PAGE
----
This is baloney. Not in the way you think. It is probably the case that “we” did not take into account the costs of our actions. That is not my point here. And its relevance ought to be discussed in a scholarly way (in a future post I will do so), My point is that this is not a legitimate criticism of markets in light of the way the real world works.

We know right now that we are infatuated with mitigating our carbon output. And we have all kinds of programs in place and in the works to promote this sort of thing. For example, we are being asked to drive less and drive more fuel-efficient cars via a slew of CAFE standards, regulations, cash-for-clunker subsidies, taxes on fuel, rail subsidies, and more.

Here are some questions:

  1. Do we know that the “fully loaded” carbon footprint of a Honda Civic Hybrid is actually less than a Mazda 6? After all, shouldn’t we consider the carbon impact of all of the resources and processes used to produce each vehicle? Fuel mileage alone is not an indicator. I rarely see the anti-capitalists recognize this.
  2. Furthermore, focusing ONLY on carbon footprints irrespective of prices totally ignores the damage that might be done from other more carbon friendly, but invasive pollutants involved in producing various “carbon friendly” products and services.
  3. For example, it might be true that a Civic Hybrid is more carbon friendly than a Mazda 6, but does anyone understand the environmental impact of using some of the materials needed to produce hybrid batteries? Do we know the long-term impacts on soil and air quality and human health of using vanadium and other rare-earth elements that are essential to the production of batteries? Or of gallium and germanium that are essential to the production of solar cells? No. And blind adherence to carbon footprints commits one of the most basic errors in economic – ignoring the unintended or secondary effects of a single policy. I don’t know anything about this, but certainly it COULD be the case that using these materials is even worse for the environment than CO2. Relying on price signals is a useful way to understand when this might be the case. But anti-capitalists reject the use of prices out of hand.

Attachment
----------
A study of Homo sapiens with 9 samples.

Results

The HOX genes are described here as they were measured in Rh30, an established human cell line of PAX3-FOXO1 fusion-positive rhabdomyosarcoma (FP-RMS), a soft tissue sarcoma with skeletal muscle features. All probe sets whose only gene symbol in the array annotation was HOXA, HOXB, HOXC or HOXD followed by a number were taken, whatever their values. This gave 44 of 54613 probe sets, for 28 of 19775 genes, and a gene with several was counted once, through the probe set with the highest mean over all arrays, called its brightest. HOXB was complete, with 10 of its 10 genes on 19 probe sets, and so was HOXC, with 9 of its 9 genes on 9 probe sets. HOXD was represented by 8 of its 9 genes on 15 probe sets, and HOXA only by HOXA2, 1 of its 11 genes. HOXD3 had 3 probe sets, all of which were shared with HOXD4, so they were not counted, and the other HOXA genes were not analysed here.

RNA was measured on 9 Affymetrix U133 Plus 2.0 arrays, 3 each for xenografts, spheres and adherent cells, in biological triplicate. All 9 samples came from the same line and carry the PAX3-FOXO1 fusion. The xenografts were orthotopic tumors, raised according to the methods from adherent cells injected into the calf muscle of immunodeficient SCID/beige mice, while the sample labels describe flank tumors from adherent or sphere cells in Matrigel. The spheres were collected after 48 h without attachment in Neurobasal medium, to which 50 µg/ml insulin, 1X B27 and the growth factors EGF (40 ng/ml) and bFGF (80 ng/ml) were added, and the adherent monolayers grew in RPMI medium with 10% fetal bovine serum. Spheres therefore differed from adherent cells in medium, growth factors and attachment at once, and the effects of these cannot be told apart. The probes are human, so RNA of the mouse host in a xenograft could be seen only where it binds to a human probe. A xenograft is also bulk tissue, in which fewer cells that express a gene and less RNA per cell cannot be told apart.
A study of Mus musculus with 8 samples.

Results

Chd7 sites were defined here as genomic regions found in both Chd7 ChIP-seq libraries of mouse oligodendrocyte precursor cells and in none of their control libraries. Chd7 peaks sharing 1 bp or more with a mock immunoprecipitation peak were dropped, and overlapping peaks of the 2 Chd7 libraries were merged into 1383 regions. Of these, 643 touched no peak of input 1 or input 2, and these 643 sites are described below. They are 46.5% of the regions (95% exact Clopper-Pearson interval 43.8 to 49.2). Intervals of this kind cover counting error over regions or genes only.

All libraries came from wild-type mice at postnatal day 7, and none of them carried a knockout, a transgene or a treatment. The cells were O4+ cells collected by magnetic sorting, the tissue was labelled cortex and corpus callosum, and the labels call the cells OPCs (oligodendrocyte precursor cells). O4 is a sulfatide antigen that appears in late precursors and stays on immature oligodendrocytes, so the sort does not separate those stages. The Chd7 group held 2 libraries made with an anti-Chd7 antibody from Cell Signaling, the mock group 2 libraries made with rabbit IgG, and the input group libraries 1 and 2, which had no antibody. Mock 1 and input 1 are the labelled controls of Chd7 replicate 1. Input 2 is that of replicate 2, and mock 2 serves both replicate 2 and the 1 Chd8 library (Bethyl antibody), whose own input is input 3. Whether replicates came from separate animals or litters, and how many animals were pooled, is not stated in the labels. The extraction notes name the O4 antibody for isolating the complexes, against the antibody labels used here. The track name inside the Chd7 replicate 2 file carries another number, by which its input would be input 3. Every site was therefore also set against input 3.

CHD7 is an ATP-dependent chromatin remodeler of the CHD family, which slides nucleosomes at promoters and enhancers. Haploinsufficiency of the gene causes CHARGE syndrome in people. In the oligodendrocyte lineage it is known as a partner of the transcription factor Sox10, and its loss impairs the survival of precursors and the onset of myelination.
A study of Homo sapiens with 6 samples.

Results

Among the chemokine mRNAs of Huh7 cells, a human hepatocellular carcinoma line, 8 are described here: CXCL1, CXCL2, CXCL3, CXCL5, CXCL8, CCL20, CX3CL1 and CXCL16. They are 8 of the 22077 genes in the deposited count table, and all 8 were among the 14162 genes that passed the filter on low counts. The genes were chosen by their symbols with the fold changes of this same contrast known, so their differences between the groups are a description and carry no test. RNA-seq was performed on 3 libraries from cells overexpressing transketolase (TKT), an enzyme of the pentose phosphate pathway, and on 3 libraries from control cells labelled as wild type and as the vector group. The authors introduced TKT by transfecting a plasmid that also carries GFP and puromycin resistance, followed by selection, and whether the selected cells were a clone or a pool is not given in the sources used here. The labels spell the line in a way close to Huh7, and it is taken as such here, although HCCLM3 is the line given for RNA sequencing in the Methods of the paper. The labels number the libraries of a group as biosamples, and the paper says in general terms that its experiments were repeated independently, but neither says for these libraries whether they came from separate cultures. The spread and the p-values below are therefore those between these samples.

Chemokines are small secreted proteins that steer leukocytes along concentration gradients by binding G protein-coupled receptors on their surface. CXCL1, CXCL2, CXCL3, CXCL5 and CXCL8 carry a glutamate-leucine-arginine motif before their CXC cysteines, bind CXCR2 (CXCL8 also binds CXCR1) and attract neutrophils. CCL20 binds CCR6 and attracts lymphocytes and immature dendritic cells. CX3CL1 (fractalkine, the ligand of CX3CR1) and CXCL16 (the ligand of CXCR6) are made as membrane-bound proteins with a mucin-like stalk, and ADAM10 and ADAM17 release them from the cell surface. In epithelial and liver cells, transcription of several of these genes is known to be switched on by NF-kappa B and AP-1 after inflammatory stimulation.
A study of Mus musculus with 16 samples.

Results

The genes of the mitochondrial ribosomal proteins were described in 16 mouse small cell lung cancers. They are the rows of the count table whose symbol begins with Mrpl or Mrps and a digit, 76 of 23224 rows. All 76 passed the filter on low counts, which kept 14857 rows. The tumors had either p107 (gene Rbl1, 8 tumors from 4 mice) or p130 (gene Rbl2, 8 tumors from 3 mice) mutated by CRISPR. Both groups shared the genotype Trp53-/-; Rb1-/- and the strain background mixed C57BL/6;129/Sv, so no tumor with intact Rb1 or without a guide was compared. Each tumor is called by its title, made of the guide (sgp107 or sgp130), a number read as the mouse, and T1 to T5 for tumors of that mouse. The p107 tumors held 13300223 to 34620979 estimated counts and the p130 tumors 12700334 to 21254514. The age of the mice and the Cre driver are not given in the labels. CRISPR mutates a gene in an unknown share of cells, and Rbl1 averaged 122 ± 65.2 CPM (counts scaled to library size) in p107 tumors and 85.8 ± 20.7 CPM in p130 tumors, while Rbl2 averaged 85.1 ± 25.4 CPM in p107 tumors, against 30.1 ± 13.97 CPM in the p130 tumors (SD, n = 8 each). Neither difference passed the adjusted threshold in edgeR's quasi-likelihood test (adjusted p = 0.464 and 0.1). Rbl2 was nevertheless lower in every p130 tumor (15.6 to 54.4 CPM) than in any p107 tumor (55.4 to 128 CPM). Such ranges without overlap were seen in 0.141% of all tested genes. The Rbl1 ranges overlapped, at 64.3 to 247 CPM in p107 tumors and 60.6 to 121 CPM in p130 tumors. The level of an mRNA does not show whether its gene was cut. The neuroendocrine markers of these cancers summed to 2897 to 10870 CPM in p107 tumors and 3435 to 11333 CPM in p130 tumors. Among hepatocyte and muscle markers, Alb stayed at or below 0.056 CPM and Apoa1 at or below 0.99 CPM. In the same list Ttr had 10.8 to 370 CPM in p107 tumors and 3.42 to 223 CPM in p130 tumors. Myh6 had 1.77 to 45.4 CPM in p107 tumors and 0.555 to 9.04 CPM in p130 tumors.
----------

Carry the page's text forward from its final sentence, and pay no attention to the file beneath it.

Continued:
4. The “market” is absolutely flambayed for “not having the foresight” to see that CO2 might cause climate change years ago. Weren’t all of the “non-market” anti-capitalists around during the entire time that we were foolishly and maliciously bespoiling our planet? How come these folks did not have the foresight to do something about it before it all went so wrong?
  5. In fact, these people were around all this time too, and even until the 1970s were worried about is cooling … how come they are not flambayed for their oversight? And how come we didn’t do anything about all of this before it became the “problem” it is today.

Now, when it comes to carbon, the market and political process will be overlooking these potential problems and when the vanadium (or whatever the next one will be) crisis comes rolling down the pike, you just wait to see the anti-capitalist demonization from a problem that was caused by NOT taking advantage of the role prices play in allocating resources.

You see of course that none of this is about the environment – it is just another convenient way for anti-capitalists to hand down the death sentence to capitalism and those of us who cherish the freedom one might enjoy under such a system. As Schumpeter correctly stated (I am paraphrasing) – capitalism stands trial with the death sentence already in the hand of the judge and jury, it is just the nature of the charge that will change from time to time. I would remind readers that none of this is to say that climate change is not something to worry about, the message is a bit more subtle than that – and I do not expect the anti-capitalists to get it.